Love. Nightmares. Angels. War. A fast-paced, compelling debut novel from a fresh new voice in YA.
It's been almost a year since Gaby Winters was in the car crash that killed her twin brother, Jude. Her body has healed in the sunshine of Pandanus Beach, but her grief is raw and constant.
It doesn't help that every night in her dreams she kills demons and other hell-spawn. And then Rafa comes to town. Not only does he look exactly like the guy who's been appearing in Gaby's dreams, he claims a history with her brother that makes no sense.
Gaby is forced to accept that what she thought she knew about herself and her life is only a shadow of the truth - and that the truth is more likely to be found in the shadows of her nightmares.
Who is Rafa? Who are the Rephaim? And most importantly - who can she trust?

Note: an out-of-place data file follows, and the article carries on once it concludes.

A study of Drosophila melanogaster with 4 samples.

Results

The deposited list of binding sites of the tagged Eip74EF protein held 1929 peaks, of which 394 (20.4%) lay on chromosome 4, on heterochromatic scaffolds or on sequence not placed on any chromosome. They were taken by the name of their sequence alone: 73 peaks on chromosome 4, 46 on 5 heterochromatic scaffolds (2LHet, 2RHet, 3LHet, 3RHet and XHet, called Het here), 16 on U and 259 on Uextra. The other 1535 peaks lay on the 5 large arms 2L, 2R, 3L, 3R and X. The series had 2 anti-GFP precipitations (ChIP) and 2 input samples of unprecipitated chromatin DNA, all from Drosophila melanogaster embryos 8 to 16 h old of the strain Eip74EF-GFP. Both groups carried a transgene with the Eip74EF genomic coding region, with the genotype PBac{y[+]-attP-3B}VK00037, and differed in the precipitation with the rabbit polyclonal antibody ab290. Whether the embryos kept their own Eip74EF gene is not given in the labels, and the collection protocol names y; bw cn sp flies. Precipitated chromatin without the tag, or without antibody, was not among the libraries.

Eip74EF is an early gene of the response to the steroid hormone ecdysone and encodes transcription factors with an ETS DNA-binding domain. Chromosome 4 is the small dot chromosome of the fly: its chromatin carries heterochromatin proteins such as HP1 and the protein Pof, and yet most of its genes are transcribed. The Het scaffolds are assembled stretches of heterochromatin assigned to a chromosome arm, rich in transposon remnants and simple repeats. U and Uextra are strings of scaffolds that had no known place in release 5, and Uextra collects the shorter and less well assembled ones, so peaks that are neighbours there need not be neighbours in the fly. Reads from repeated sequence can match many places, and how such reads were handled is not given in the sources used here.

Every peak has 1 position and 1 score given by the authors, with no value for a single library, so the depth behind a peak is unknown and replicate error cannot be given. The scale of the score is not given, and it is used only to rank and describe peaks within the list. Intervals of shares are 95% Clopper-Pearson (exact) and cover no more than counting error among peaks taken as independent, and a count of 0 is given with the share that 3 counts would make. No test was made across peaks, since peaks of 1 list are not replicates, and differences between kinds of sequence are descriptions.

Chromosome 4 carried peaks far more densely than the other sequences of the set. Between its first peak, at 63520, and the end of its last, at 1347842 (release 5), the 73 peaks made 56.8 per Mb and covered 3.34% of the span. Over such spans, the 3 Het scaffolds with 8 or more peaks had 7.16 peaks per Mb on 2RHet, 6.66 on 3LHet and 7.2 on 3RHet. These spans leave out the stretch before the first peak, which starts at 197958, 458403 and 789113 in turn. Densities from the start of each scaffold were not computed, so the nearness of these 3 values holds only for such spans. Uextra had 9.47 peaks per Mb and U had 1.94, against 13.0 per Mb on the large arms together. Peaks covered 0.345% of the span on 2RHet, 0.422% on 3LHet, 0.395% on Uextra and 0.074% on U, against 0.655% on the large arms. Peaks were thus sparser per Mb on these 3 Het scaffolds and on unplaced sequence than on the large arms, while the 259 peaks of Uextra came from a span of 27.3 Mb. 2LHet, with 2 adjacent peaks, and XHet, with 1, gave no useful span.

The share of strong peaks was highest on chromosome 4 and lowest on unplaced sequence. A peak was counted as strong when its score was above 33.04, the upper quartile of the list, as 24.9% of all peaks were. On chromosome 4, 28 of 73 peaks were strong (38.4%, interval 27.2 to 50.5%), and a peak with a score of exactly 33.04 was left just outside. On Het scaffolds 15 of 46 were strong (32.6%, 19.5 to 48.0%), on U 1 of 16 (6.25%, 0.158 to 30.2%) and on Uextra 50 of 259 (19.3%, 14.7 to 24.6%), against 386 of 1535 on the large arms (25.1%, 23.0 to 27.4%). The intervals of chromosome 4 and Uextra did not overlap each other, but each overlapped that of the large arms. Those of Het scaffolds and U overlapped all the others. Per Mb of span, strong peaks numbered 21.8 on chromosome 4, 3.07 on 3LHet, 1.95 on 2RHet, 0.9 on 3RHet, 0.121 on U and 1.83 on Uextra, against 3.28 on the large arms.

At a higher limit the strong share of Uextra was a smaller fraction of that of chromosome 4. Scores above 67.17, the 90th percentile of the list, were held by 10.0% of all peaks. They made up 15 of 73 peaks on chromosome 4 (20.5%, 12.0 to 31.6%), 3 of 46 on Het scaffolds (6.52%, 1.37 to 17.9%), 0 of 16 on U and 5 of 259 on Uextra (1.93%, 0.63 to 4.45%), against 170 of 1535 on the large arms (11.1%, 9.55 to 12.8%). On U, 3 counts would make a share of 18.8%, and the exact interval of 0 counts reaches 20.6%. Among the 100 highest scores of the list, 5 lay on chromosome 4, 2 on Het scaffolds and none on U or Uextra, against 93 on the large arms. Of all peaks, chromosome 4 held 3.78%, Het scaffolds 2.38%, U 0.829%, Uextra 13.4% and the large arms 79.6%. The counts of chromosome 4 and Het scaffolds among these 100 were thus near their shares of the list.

I must admit that usually I am not a fan of books involving angels. I often find them to be too preachy, too religious and quite honestly I don't have the patience to carry on with them and had sworn off them completely. This book however changed my mind.
For me what set this apart were several things
Firstly I really liked the main character Gabe. I really enjoyed getting to know her and explore the world around her and found it effortless to read her story.
I loved the action in this book. The story, while based on angels, wasn't floaty and lovely. The action was kick-ass and pacey. I was engaged from the first page to the last and needed to know what happened next to the point she I ended up staying up late at night to try and get it finished.
I loved the revelations. The story itself isn't what it first seems which was brilliant. It meant as a reader you were always guessing and kept on your toes. The story itself had its own satisfying conclusion which kept me happy as a reader but also left open ideas for book two which has made me keen to carry on the series but without that gnawing frustration that you've only been told half a story.
A fab book. One of the best angel books I've read if not the best which brilliant characters and its own take in the genre which I had previously sworn myself off.